A DEMOCRAT CONSIDERS LEAVING THE PARTY Paolino.
It had been rumored for some time.
And last week, in an interview with the Phoenix, former Providence Mayor Joseph R. Paolino Jr. offered confirmation: if he hops in the mayoral race this year, he will run as an independent.
Paolino, a Democratic fixture for years, says he would simply feel more “comfortable” reaching a broad swath of voters as an independent. But the political advantages of skipping the Democratic primary are obvious.
In a 2002 run for mayor, Paolino vied with state Senator David V. Igliozzi for the traditional white ethnic Democratic primary vote, and lost out to “new Providence” candidate David N. Cicilline, who put together a coalition of Latinos and East Side liberals.
This time around, observers are suggesting a redux could be in the making, with long-time City Councilman John J. Lombardi and State Representative Steven M. Costantino splitting the traditional white ethnic vote in the Democratic primary, and Harvard-educated lawyer Angel Taveras taking the Democratic nomination with a Cicilline-like coalition.
By sitting out what promises to be a costly and bruising fight for the Democratic nomination, Paolino can avoid the vote-splitting problem and gear up for a one-on-one fight with the party’s nominee in November.
But if the move makes sense from a tactical point of view, it marks a notable departure for a party stalwart.
Paolino was not only the Democratic mayor of the city. He also sought the party’s nomination for governor. And Paolino, whose family owns large swaths of downtown real estate, has been an important fundraiser for Democrats over the years.
Indeed, President Clinton appointed him ambassador to Malta for his efforts. And it was not so long ago that Paolino was raising money for Hillary Clinton’s presidential campaign.
But Paolino says he had little trouble deciding that he would run as an independent should he throw his hat in the ring. “When you’re looking at the city of Providence, I don’t think people really think about a Democratic way and a Republican way of plowing streets and filling potholes,” he says.
There is, in fact, precedent for a successful independent run for mayor. Vincent “Buddy” Cianci, Jr. once did the trick. And Darrell West, a former Brown University political science professor now at the Brookings Institution, suggests that party labels matter even less today.
Indeed, he says, a certain high-profile, independent run for Rhode Island governor could smooth the way for Paolino. “When you have Lincoln Chafee running as an independent, it creates the opportunity for others to do the same,” West says. “It’ll be as American as apple pie.”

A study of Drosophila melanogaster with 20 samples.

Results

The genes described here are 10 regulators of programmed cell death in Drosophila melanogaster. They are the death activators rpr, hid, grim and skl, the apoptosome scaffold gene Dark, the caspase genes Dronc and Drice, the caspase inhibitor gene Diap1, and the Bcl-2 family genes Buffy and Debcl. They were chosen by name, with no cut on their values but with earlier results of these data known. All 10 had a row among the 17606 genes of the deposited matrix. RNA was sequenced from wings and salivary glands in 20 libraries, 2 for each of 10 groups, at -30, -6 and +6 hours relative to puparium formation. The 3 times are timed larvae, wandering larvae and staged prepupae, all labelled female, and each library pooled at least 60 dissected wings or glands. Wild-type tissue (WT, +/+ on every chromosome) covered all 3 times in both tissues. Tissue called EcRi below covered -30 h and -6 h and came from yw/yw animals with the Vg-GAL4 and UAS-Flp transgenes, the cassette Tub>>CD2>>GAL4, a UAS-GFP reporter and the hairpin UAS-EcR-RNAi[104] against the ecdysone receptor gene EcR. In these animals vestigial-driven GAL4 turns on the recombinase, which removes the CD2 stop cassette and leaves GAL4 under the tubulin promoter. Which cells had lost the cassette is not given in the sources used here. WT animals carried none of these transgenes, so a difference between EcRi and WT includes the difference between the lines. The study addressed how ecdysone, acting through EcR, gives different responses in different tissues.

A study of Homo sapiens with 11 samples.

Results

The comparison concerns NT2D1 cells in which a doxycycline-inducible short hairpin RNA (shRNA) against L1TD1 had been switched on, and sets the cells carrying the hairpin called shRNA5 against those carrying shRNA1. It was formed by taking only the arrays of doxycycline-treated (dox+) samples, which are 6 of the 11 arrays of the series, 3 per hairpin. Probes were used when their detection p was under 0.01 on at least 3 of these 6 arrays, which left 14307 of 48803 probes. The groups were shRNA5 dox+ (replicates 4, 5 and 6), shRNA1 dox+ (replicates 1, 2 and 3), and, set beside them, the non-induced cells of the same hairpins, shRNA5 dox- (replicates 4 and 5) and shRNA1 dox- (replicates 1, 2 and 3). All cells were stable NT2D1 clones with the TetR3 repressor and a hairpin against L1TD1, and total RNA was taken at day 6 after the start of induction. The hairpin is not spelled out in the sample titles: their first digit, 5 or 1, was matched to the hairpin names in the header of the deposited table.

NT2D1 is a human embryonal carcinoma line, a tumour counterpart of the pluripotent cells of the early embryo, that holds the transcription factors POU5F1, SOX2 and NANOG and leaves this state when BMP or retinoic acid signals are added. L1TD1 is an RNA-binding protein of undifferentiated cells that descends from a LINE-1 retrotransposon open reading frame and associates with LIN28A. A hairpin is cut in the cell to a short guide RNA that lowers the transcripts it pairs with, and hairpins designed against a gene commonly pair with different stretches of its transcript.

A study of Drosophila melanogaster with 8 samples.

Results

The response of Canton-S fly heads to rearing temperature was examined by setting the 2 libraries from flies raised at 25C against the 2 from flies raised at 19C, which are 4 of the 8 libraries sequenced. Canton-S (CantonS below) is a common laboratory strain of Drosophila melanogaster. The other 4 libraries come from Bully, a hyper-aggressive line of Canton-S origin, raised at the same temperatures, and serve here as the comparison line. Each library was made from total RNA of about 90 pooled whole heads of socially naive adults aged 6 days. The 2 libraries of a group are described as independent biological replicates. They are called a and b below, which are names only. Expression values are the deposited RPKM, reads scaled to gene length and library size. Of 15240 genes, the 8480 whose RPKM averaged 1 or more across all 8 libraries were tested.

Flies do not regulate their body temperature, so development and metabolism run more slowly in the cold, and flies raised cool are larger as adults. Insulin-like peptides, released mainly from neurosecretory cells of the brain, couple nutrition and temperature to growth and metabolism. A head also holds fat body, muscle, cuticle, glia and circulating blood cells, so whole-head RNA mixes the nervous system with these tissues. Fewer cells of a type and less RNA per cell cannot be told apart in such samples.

The former mayor would be able to pour substantial resources into a run. He has already loaned himself $500,000.
And Paolino will offer up some headline-grabbing ideas in a campaign. An advocate for consolidation of public services, he says the next mayor of Providence should be the last. A mayor of Providence County, he suggests, makes more sense.
But he would place economic development at the center of his campaign. Paolino trumpets his role in the Providence Renaissance most closely associated with Cianci. And he emphasizes his work in the private sector.
Like many pols, he trumpets the potential of bio-tech development along the stretch of land that has emerged with the shift of Route 195. He also talks of a renaissance along Broad Street and even a wind farm on the site of the old Shooters Waterfront Cafe.
Of course, Paolino is hardly the only candidate who will be focusing on economic development. It is, far and away, the most pressing issue for a recession-weary city. And with significant message overlap, he will have to confront another issue: the perception that he is yesterday’s news.
Paolino ran the city in a very different time, after all. And he fared poorly in the gubernatorial bid he launched in 1990, at the close of his time in the mayor’s office, and in the mayoral run he made 12 years later.
Paolino will try, mightily, to spin his distance from elected office as a virtue. “I’m the only guy that’s looking at this race that’s pretty fresh, that’s been out of politics for 20 years,” he says.
But observers say it will be a tough sell. For West, of Brookings, Taveras is the man to beat.